Chan Chee Khoon
1:56PM Mar 27, 2012
The Sun declined to publish my response (below) to Dr Looi Hoong Wah’s earlier letter.
In the interests of reasoned exchanges, I hope this response to Dr Looi’s latest letter sees the light of day.
In this letter, Dr Looi’s cites the Argonne National Lab’s fact sheet on thorium to argue that only a miniscule portion of thorium-232 which is ingested via food or water is absorbed into the bloodstream, of which only 4% gets deposited in the liver where it is retained with a biological half-life of 700 days.
He neglects to mention that thorium-232 is much more readily absorbed into the human body via an inhalation route, and furthermore that 70% of the amount entering the bloodstream gets deposited in bone where it is retained with a biological half-life of about 22 years, all that while irradiating the much more radio-sensitive blood-forming tissues there with highly mutagenic alpha-particles (20 times more damaging to cellular genetic material than beta or gamma radiation).
Could this be the reason for the cluster of childhood leukemias observed among the children of Bukit Merah? (Recall also the inverse square law – the intensity of radiation from a radioactive particle a meter away from a human body increases a trillion-fold when that same particle sits at micron level distances on the body’s cells and tissues).
Dr Looi considers that inhalation exposures to thorium-containing dusts is solely an occupational problem which is not relevant to the greater Kuantan-Kemaman community.
Let’s recall that the ARE rare earths refinery at Bukit Merah, like LAMP, had no long-term waste management plan.
Ad hoc arrangements, including the aborted Papan dump-site, eventually led to a situation of indiscriminate, clandestine dumping of radioactive thorium-cake wastes at Lahat, Menglembu, Pengkalan, Jelapang, Buntong, Simpang Pulai among other locations:http://www.merdekareview.com/bm/news_v2.php?n=11823
The Kuantan-Kemaman community similarly faces the prospect of unknown numbers of dump-sites at unknown locations scattered in and around the cities, if Lynas does not come up with an acceptable plan for long-term waste disposal.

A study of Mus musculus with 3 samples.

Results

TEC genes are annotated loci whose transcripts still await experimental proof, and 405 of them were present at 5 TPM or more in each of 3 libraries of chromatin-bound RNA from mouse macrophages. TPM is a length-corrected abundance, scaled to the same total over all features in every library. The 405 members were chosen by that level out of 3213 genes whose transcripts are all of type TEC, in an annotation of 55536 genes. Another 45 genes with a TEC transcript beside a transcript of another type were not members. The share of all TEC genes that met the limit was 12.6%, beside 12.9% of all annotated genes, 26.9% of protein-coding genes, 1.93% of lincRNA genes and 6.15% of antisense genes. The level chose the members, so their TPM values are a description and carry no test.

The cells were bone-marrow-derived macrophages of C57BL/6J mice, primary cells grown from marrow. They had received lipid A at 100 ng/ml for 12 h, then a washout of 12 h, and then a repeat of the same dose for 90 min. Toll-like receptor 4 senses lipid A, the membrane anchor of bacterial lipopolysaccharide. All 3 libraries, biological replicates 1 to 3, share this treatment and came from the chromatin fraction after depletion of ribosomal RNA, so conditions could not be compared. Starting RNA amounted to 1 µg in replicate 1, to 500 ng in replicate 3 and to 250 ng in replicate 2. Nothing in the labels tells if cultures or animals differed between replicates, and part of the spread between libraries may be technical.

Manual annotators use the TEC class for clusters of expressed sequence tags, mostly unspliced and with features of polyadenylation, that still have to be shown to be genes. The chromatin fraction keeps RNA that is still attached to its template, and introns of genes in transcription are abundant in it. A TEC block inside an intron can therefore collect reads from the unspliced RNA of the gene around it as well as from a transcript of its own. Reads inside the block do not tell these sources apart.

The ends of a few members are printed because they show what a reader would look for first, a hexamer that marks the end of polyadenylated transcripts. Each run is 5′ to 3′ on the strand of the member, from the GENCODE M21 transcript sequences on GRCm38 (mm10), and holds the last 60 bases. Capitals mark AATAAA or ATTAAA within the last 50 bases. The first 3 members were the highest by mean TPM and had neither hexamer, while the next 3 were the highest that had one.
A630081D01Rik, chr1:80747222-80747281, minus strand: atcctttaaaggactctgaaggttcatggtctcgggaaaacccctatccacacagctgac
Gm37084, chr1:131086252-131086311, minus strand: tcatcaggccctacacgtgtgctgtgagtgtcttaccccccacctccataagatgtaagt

Allow me also to bring to Dr Looi’s attention a 1993-1994 study of male miners at the Bayun Obo Rare-Earth and Iron Mine in Inner Mongolia which was reported in the Journal of Radiological Protection in 2005.
In that study, highly dust-exposed miners had 5.15 times the age-adjusted lung cancer rate as compared to the rate among Chinese males in the general population. The less-exposed mining staff had 2.30 times the general population rate. Both groups had similar smoking rates (78 percent, vs. 67 percent for the general adult male population).
On this basis, the authors concluded that the excess lung cancer risk among the less-exposed was largely due to above-average smoking, and the further difference between the two miner groups was due to high exposure to airborne crystalline silica particulates (mainly) and to thorium-containing dusts and its radioactive daughter nuclides such as thoron gas.
These conclusions are highly debatable, and it is precisely in this situation of uncertainty and lack of consensus that the Kuantan-Kemaman community shouldn’t end up as tikus makmal (lab rats) in a natural experiment for Lynas.
Finally, it should also be noted that the ores that the Chinese miners were exposed to contained 400 ppm of thorium. The rare earth oxide concentrates that will be arriving shortly at Kuantan port will have 1,600 ppm of thorium.
The US Public Health Service (1990) reports that the natural background level in North American soil is typically ~ 6 ppm of thorium.
Chan Chee Khoon, ScD (Epidemiology) works at the Center for Population Health, Dept Social & Preventive Medicine. Faculty of Medicine, University of Malaya.